Is medication use associated with the incidence of early age-related maculopathy? Pooled findings from 3 continents.

Kleins Lab // Publications // Jun 01 2004

PubMed ID: 15177967

Author(s): van Leeuwen R, Tomany SC, Wang JJ, Klein R, Mitchell P, Hofman A, Klein BE, Vingerling JR, Cumming RG, de Jong PT. Is medication use associated with the incidence of early age-related maculopathy? Pooled findings from 3 continents. Ophthalmology. 2004 Jun;111(6):1169-75. PMID 15177967

Journal: Ophthalmology, Volume 111, Issue 6, Jun 2004

OBJECTIVE To investigate whether there is an association between the use of medication and the incidence of early age-related maculopathy (ARM).

DESIGN Pooled data from 3 prospective, population-based cohort studies.

PARTICIPANTS Subjects without early and late ARM at baseline who participated in the follow-up of the Beaver Dam Eye Study (n = 3012), the Rotterdam Study (n = 3434), and the Blue Mountains Eye Study (n = 2203).

METHODS Stereoscopic color fundus photographs of all participants were graded according to a standardized protocol. At baseline, current use of prescription and over-the-counter medication was assessed by interview, and the drug name was confirmed at the research centers. Procedures and definitions were similar at both baseline and follow-up across the 3 study sites.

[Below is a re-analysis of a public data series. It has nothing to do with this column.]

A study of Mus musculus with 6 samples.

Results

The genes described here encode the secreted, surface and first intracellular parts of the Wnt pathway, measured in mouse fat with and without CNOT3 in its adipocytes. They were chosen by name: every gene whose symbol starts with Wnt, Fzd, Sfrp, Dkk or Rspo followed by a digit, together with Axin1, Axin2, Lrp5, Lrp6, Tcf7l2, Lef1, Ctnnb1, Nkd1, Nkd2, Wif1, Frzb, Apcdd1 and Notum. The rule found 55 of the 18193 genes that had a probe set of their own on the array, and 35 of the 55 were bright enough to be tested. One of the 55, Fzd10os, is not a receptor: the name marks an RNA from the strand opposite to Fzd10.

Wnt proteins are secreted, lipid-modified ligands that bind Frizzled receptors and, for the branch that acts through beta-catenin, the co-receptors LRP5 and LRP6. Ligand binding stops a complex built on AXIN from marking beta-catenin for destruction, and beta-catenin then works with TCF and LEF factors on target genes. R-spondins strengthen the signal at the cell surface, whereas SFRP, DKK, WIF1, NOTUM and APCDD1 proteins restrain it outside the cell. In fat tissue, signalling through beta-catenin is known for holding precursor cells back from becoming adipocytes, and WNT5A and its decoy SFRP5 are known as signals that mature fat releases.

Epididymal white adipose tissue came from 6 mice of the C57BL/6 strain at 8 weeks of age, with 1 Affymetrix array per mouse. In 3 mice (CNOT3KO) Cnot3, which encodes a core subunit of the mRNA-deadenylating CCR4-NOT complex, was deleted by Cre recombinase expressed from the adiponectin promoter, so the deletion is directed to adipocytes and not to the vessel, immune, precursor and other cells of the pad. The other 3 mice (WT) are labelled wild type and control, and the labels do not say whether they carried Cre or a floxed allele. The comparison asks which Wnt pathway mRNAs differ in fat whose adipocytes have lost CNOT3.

MAIN OUTCOME MEASURES Incidence of early ARM, defined as the presence at follow-up of either soft distinct drusen with pigmentary changes or soft indistinct or reticular drusen.

RESULTS In the pooled cohort, 53.3% of participants used at least one of the medications selected for this study. Within a mean period of 5.6 years, a total of 683 subjects developed early ARM. Users of antihypertensive medication in general, and beta-blockers in particular, had a borderline statistically significant increased risk of early ARM (odds ratio [OR] for beta-blockers, 1.3; 95% confidence interval [CI], 1.0-1.6) when adjusted for systolic (or diastolic) blood pressure and other confounders. A protective effect of borderline significance was found among women using hormone replacement therapy (OR, 0.6; 95% CI, 0.4-1.0) and in persons using tricyclic antidepressants (OR, 0.4; 95% CI, 0.2-1.0). In contrast with beta-blockers, the direction and magnitude of the association with hormone replacement therapy and tricyclic antidepressants were inconsistent among the 3 study populations.

CONCLUSIONS Pooled data from 3 population-based studies showed no strong associations between medication use and the incidence of early ARM. Of borderline significance were a slightly increased risk among users of beta-blockers and a reduced risk among users of hormone replacement therapy and users of tricyclic antidepressants. Although beta-blocker use could be a proxy for systemic hypertension, these findings warrant further investigations, preferably including information on the dosage and duration of drug exposure.